Newcastle's Queen's Wharf Tower to be demolished in 2018

Newcastle City Council has voted to demolish Queen’s Wharf Tower next year, ending 30 years of “lewd jokes” over the landmark’s unfortunate shape.

The circular observation tower will remain open for six months to allow residents a final chance to climb its 180 steps and enjoy the view.


But in the middle of next year it will be dismantled, much to the relief of the council’s interim chief executive officer, Jeremy Bath.

Unsurprisingly, there aren’t many cities around the world that have placed a 30-metre-high phallic symbol in their most prominent public space.

“There really is no other way to describe the Queen’s Wharf Tower other than as an embarrassment to the city,” Mr Bath said. 

“I look forward to not having to answer the inevitable question of ‘why’ from guests and visitors when they first see the tower. Unsurprisingly, there aren’t many cities around the world that have placed a 30-metre-high phallic symbol in their most prominent public space.”

Mr Bath expected the building’s removal to make “headlines around the world” and give Newcastle a chance to promote itself again as a more forward-looking city.

“The tower is often the subject of lewd jokes and negative reports from visitors, and it’s certainly not a positive reflection on Newcastle as a modern city and a host city for major events.” 

The tower has been prominent on the city’s skyline since Queen Elizabeth II opened the cluster of buildings named in her honour during Australia’s bicentenary celebrations in 1988.

But a maintenance bill of $1.6 million over the next four years and its lack of wheelchair access, not to mention its shape, have contributed to its demise.

Mr Bath said the tower was often the target of vandalism and anti-social behaviour and was the council’s “most complained about” asset.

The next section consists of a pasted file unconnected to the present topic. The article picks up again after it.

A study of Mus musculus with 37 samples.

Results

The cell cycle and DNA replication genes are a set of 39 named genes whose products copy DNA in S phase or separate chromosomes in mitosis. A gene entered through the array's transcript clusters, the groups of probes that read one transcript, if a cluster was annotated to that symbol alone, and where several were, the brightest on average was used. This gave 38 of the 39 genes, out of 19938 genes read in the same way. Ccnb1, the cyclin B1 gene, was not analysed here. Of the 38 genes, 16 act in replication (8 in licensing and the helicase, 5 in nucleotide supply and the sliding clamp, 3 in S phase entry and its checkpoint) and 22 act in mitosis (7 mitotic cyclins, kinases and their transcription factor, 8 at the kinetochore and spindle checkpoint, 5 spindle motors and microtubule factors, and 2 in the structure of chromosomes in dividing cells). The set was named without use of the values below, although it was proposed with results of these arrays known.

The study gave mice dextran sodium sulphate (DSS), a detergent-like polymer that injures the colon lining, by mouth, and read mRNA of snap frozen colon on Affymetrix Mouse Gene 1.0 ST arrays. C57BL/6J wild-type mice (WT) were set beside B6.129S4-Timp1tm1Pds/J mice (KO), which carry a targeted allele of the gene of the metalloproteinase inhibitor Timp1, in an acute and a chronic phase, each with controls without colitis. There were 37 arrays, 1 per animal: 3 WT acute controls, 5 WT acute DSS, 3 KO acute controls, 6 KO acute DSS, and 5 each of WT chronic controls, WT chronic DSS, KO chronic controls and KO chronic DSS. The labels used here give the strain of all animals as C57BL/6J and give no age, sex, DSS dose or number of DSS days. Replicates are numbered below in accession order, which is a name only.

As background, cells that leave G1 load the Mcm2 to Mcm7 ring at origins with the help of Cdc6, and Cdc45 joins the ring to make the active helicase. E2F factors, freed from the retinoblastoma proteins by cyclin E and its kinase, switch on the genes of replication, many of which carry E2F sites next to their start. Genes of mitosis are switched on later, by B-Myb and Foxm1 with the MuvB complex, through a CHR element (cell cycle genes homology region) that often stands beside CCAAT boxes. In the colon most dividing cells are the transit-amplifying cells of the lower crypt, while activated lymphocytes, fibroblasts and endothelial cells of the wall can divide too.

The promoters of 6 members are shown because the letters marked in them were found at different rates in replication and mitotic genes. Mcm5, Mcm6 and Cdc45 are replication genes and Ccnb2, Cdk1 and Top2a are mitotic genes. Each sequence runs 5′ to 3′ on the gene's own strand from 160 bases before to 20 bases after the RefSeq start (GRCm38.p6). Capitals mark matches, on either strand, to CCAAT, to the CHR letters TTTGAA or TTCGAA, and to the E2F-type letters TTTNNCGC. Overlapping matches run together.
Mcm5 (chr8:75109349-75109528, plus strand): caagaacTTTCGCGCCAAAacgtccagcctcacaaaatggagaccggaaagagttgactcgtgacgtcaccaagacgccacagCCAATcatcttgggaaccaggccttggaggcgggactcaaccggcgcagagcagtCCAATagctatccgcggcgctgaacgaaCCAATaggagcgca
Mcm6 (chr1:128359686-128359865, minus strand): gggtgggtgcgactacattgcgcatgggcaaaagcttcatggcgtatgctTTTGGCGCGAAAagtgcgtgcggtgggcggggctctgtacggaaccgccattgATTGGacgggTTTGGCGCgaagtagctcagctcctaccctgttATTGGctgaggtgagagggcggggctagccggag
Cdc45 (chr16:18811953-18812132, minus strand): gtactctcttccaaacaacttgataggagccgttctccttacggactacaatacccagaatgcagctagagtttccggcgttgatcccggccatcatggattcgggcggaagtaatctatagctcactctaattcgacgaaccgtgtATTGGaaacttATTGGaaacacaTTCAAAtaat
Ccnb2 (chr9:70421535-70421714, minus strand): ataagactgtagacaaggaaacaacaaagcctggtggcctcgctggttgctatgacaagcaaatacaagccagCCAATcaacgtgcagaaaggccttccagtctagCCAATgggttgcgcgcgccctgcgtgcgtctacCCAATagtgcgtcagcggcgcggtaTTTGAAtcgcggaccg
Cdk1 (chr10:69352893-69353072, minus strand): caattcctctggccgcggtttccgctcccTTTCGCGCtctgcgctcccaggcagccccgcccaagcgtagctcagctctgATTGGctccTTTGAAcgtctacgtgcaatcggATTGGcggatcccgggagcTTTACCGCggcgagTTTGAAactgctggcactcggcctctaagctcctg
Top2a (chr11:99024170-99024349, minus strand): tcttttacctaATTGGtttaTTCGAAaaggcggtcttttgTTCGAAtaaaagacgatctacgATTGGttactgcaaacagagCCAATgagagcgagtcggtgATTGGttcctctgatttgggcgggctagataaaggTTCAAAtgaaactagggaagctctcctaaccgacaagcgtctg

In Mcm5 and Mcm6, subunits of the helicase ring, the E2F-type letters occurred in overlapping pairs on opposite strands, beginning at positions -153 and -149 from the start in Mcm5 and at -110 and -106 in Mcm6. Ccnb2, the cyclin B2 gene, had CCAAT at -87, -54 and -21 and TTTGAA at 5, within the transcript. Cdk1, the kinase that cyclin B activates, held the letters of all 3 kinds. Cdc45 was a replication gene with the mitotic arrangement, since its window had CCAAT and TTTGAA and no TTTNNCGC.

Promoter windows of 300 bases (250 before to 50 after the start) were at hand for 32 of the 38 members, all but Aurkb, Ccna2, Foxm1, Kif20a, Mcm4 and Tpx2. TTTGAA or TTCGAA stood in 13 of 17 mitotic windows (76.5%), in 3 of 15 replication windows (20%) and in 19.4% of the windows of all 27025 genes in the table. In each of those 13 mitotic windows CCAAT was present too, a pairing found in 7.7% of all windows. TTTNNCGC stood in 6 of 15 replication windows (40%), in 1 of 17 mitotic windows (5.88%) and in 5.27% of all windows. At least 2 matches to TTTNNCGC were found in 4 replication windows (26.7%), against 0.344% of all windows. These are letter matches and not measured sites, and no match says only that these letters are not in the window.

The council has released renderings of Queen’s Wharf without the tower and plans to seek feedback on how the space should be used.

Cr Kath Elliott (Ind) said after Tuesday night’s council meeting that the council should have consulted the community before deciding to level the tower.

Regular Newcastle Herald columnist Paul Scott, a lecturer at the university’s school of design, communication and information technology, wrote in 2015 that the tower served as “little more than a public urinal”.

“The revitalisation of Newcastle provides the perfect opportunity to lop off the embarrassment that both locals and visitors know as ‘the big penis’,” he said.

Newcastle property developer Keith Stronach called two years ago for not only the tower to go but also the entire Queen’s Wharf complex.

A comment from Brisbane’s “Tom P” on travel website Tripadvisor is typical of visitors’ reactions to the building: “Yes, the tower is a bit of an eyesore, smells, and is pretty rusty. However, the views from the top (or near to the top through the bars) are excellent.”